About Mario

Prior to joining OBU, Dr. Mario served both the church and the academy. Dr. Mario most recently served as senior pastor of Gretna Covenant Church in New Orleans (2015-2020). Before pastoring in New Orleans, he served in Hispanic, Asian, and English churches as a multi-ethnic ministry strategist. In the academy Dr. Mario has served at NOBTS as an adjunct [Español]; Memphis Center for Urban Theological Studies as academic affairs specialist; Victory University (Memphis TN) as Old Testament Adjunct and academic counselor; Union University as Contemporary Christianity adjunct and founder/coach of the Union Judo Club.

At OBU Dr. Mario serves as the Auguie Henry Chair of Old Testament and Hebrew, Diversity Committee Member, and the Faculty Rep. for the Deaf student association. As an active member of the Evangelical Theological Society, Mario serves as the Southwest regional President and a member of the Hispanic Scholars section Steering Committee for the National Evangelical Theological Society.

Dr. Mario’s research interests include Biblical Interpretation, Ancient Near Eastern backgrounds, language acquisition and multi-ethnic ministry. As a multi-ethnic believer (Filipino, Cajun French, Spanish) Dr. Mario has been a guest lecturer on many multi-ethnic ministry topics.


Dr. Mario and his wife, Rebekah, married in 2012. His wife has served as a licensed social-worker (LMSW) in Memphis and New Orleans. Mario and Rebekah have one daughter Catalina Rae Noemi Melendez.

In his spare time Dr. Mario enjoys playing music, and practicing martial arts. He also is an avid maker of things.

       Institutions of Training

Leavell College

Bachelors of Arts in

Christian Ministry

Union University

Masters Christian Studies

Mid-America Baptist Theological Seminary

Graduate Biblical Languages

New Orleans Baptist Theological Seminary

ThM & PhD Biblical Interpretation

Minor in Old Testament

The Full Story

I was born and raised in Louisiana and am proud of the beautiful deep south culture that I’ve been raised in. My upbringing was slightly different than most down here due to my ethnicity. My Grandfather was Filipino, and my Grandmother was Cajun French. My mother’s side landed in Louisiana because that whole side of the family is Marines.

     My first church was an independent fundamental Baptist church until I entered high school when we switched to a Southern Baptist church and Pentecostal high school. This was the era that I began realizing my purpose in life. Through several mission trips and amazing encounters on the mission field, I knew that my life was to be dedicated in some way to the cause of making disciples of the nations. 

     Through my life, I’ve learned that my calling is for discipleship by means of teaching and preaching of the Word. I believe through proper teaching and discipleship, the divisions in the church can be healed for the sake of the kingdom. 

The first institution I attended was Samford University for a BA in Ministry. However, when Hurricane Katrina hit New Orleans I moved home to help all my family rebuild. Thus, I finished my BA at Leavell College. I then chose to attend Union University so as to study under the amazing professors they had at the time. My principal supervisor was Ken Easley, a very notable SBC professor in his day. After my master’s graduation, I struggled to continue into a Ph.D. program. However, I was convinced that if the Lord permitted I should gain as much knowledge of the Word as possible so that I might help others proclaim sound doctrine in their ministries.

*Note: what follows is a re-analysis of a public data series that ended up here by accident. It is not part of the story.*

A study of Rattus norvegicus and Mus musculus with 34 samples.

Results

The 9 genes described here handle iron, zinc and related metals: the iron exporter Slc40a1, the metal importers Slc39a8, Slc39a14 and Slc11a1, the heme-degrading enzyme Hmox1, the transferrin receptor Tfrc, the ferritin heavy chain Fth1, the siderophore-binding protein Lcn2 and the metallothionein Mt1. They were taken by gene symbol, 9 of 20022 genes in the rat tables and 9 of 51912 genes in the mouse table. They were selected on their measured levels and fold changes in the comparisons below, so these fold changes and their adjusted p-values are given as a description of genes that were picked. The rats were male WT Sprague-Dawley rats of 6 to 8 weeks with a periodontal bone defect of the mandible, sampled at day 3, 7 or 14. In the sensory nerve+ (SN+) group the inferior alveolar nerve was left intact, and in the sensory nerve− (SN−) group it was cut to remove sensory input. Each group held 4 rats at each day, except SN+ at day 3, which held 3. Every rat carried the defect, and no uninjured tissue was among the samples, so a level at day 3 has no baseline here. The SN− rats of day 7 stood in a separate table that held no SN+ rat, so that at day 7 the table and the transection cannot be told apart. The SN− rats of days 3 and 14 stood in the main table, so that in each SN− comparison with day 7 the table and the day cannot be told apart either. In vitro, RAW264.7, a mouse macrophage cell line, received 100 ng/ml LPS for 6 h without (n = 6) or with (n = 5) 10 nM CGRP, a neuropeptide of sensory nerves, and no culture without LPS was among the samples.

After three years of working on a Ph.D. in Biblical Theology at Mid-America Baptist Theological Seminary, I transferred to the New Orleans Baptist Theological Seminary to pursue a Ph.D. in Biblical Interpretation. In hopes of aiding in the unification of the divided church, I decided upon this generalist degree. Furthermore, the three primary points of theological division in Christendom can be summarized as biblical interpretation disputes: ecclesiology structure, soteriology, and sacraments. My doctoral focus has been upon the second of the three. 

At the heart of my studies and the division of soteriology is Habakkuk 2:4b. Since its initial writing, Habakkuk 2:4b has been a battleground for understanding the doctrine of salvation. However, there is a complex argument within Protestantism concerning this passage. The Protestant argument centers on the use of the word faith and how it is interpreted through related texts and the whole of the biblical narrative. Denominations within Protestantism have based their doctrines of salvation on varying interpretations of Habakkuk 2:4b.

     To aid in healing the divide, I wrote a dissertation focused upon "covenantal evocations within Habakkuk." Throughout my research, several conclusions have been drawn: (1) believers have faith, (2) the Lord is faithful, (3) these two aspects of faith, together, lead to salvation. No one should dismiss the role of the believers having faith, nor the Lord remaining faithful. I hope by understanding these truths, the soteriological divide can be unified.

     As a minority, I am keenly aware of the racial and cultural divides within the church. However, racial and cultural divides are social and anthropological issues, not fitting for biblical scholasticism. Thus, in my academics I focus on the biblical interpretation divides and in my ministry, I work on the racial and social divides. I have just recently published a book on the struggle for mutli-ethnic people in the church (see my publications page).

     I now work at Oklahoma Baptist University as a professor of Old Testament and Biblical studies. I hope through my teaching and mentorship of students, I can begin to help affect the next generation of church leaders. Furthermore, I hope that this position will avail me opportunities to preach and speak on multi-ethnic ministry and diverse ministry methods.